However, that’s not the only way “trusts” are used here in Florida.

Florida takes a position that isn’t held by most states in the country. In Florida, we have something called a “constructive trust”, which is not really a trust at all. Instead, a Florida constructive trust is a form of remedy for someone who has been harmed by another’s wrongdoing – as recently explained in Swope v. Harmon (citations omitted):

In 2005, this court held that “[a] constructive trust . . . is not a traditional cause of action; it is more accurately defined as an equitable remedy.” …. Therefore, “[b]ecause a constructive trust is a remedy, it must be imposed based upon an established cause of action.” We continue to follow this rule … [and] conclude the trial court correctly dismissed the claim for a constructive trust because a constructive trust is a remedy, not a cause of action.

Constructive Trusts Imposed for Victims of Unjust Conduct

Sadly, all too often Florida probate lawyers – particularly Florida probate lawyers involved in probate litigation cases – see people who have been harmed by members of their own family or close loved ones. Family members who have stolen personal belongings and other valuable assets.  It’s often an emotional situation where serious wrongdoing has taken place.

The lawyers involved in these cases often require the help of Florida courts to rectify this type of wrong. However, before a Court will help a probate lawyer the lawyer will need to follow several  procedural steps including, pleading and proving that there was something illegal that was done to the victim, proving up the existence of valuable property and its history of ownership, and showing the present location of the property and its fair market value.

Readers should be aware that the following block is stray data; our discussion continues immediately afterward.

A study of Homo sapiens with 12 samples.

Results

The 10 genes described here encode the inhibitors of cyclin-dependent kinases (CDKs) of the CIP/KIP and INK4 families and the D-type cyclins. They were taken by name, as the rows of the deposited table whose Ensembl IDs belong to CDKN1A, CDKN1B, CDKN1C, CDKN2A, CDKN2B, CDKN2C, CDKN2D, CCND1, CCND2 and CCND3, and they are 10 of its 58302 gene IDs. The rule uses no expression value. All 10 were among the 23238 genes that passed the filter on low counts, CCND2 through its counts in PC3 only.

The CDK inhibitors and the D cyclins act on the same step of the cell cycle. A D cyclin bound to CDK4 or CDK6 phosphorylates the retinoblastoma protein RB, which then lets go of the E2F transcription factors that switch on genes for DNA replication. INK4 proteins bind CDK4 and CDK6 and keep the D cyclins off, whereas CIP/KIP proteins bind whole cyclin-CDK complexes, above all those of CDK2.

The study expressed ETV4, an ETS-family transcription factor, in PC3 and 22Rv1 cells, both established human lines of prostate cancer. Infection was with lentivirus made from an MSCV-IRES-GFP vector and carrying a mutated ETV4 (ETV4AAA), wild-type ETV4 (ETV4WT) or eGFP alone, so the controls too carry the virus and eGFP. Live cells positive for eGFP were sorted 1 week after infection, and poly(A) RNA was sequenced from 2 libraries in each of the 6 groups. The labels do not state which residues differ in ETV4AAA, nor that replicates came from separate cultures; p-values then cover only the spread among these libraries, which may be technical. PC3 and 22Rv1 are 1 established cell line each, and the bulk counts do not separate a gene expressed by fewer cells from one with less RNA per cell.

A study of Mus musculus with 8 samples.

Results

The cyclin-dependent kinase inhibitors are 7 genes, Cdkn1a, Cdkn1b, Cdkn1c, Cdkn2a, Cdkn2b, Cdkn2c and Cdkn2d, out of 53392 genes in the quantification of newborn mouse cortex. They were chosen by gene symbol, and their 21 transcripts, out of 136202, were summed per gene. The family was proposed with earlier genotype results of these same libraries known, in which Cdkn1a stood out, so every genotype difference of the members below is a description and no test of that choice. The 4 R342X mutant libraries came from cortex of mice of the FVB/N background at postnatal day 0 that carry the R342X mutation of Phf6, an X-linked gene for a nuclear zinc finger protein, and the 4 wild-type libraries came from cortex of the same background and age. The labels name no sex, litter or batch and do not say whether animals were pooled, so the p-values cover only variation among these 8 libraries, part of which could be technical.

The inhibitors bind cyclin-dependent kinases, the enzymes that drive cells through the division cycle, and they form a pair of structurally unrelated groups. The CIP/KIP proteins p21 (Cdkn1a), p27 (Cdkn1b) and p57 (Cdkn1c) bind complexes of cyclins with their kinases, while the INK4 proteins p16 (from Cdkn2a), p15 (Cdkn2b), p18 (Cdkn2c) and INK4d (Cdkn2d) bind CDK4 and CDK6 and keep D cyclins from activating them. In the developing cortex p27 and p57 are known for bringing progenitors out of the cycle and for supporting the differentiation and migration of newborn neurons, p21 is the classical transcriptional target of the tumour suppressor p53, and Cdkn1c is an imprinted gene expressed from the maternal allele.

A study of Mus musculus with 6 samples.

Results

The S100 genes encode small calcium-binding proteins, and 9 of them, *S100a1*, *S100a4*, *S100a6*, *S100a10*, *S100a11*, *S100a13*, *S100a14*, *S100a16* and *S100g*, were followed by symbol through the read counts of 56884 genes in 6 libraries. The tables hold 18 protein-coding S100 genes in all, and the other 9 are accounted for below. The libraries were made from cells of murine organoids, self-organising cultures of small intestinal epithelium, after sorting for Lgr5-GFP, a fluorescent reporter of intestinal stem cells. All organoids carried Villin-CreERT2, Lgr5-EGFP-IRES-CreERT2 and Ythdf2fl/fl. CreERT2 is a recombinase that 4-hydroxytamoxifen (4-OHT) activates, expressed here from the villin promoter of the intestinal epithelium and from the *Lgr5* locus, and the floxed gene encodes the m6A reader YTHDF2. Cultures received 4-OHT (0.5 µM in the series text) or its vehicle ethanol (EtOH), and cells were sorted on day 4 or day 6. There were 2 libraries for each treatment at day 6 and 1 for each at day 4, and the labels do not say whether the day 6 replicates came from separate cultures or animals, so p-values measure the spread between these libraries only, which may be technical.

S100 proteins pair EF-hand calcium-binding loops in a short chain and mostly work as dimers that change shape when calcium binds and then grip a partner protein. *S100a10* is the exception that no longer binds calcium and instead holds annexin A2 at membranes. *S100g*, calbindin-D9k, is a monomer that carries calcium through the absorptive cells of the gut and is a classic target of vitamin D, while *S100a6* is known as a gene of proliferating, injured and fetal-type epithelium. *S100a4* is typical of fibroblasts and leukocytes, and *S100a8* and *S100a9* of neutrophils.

Undue Influence Example

For instance, in situations of undue influence related to a will contest, the beneficiary will need to prove that there was undue influence (see our posts on that cause of action here) and then be able to show which property is at issue (the property which has been transferred to a wrongdoer who is guilty of unduly influencing the decedent).

In this situation, the lawyer may ask the Florida judge to order that the property at issue be placed in a “constructive trust”  – with the victim being the beneficiary of the judicially created constructive trust.

Constructive Trusts in Florida are Created by Operation of Law

Constructive trusts exist only by operation of law. No one can draft a “constructive trust” for a client in Florida. Constructive trusts are created in Florida courtrooms by Florida judges in order to take back title to property that is in the possession of a wrongdoer.  The purpose of a constructive trust is to transfer title to property to the rightful owner. See, Abreu v. Amaro, 534 So.2d 771 (Fla. 3d DCA 1988).

From Abreu:

A constructive trust is a remedial device with dual objectives — to restore property to the rightful owner and prevent unjust enrichment. To impose a constructive trust there must be (1) a promise express or implied, (2) transfer of the property and reliance thereon, (3) confidential relationship, and (4) unjust enrichment…. The person seeking to impose a constructive trust must prove those factors giving rise to a trust by clear and convincing evidence.

Note:  there are other ways that constructive trusts can help people in Florida other than in probate controversies, such as divorce cases and business injury cases like tortious interference with a business relationship. More about constructive trusts in next month’s post.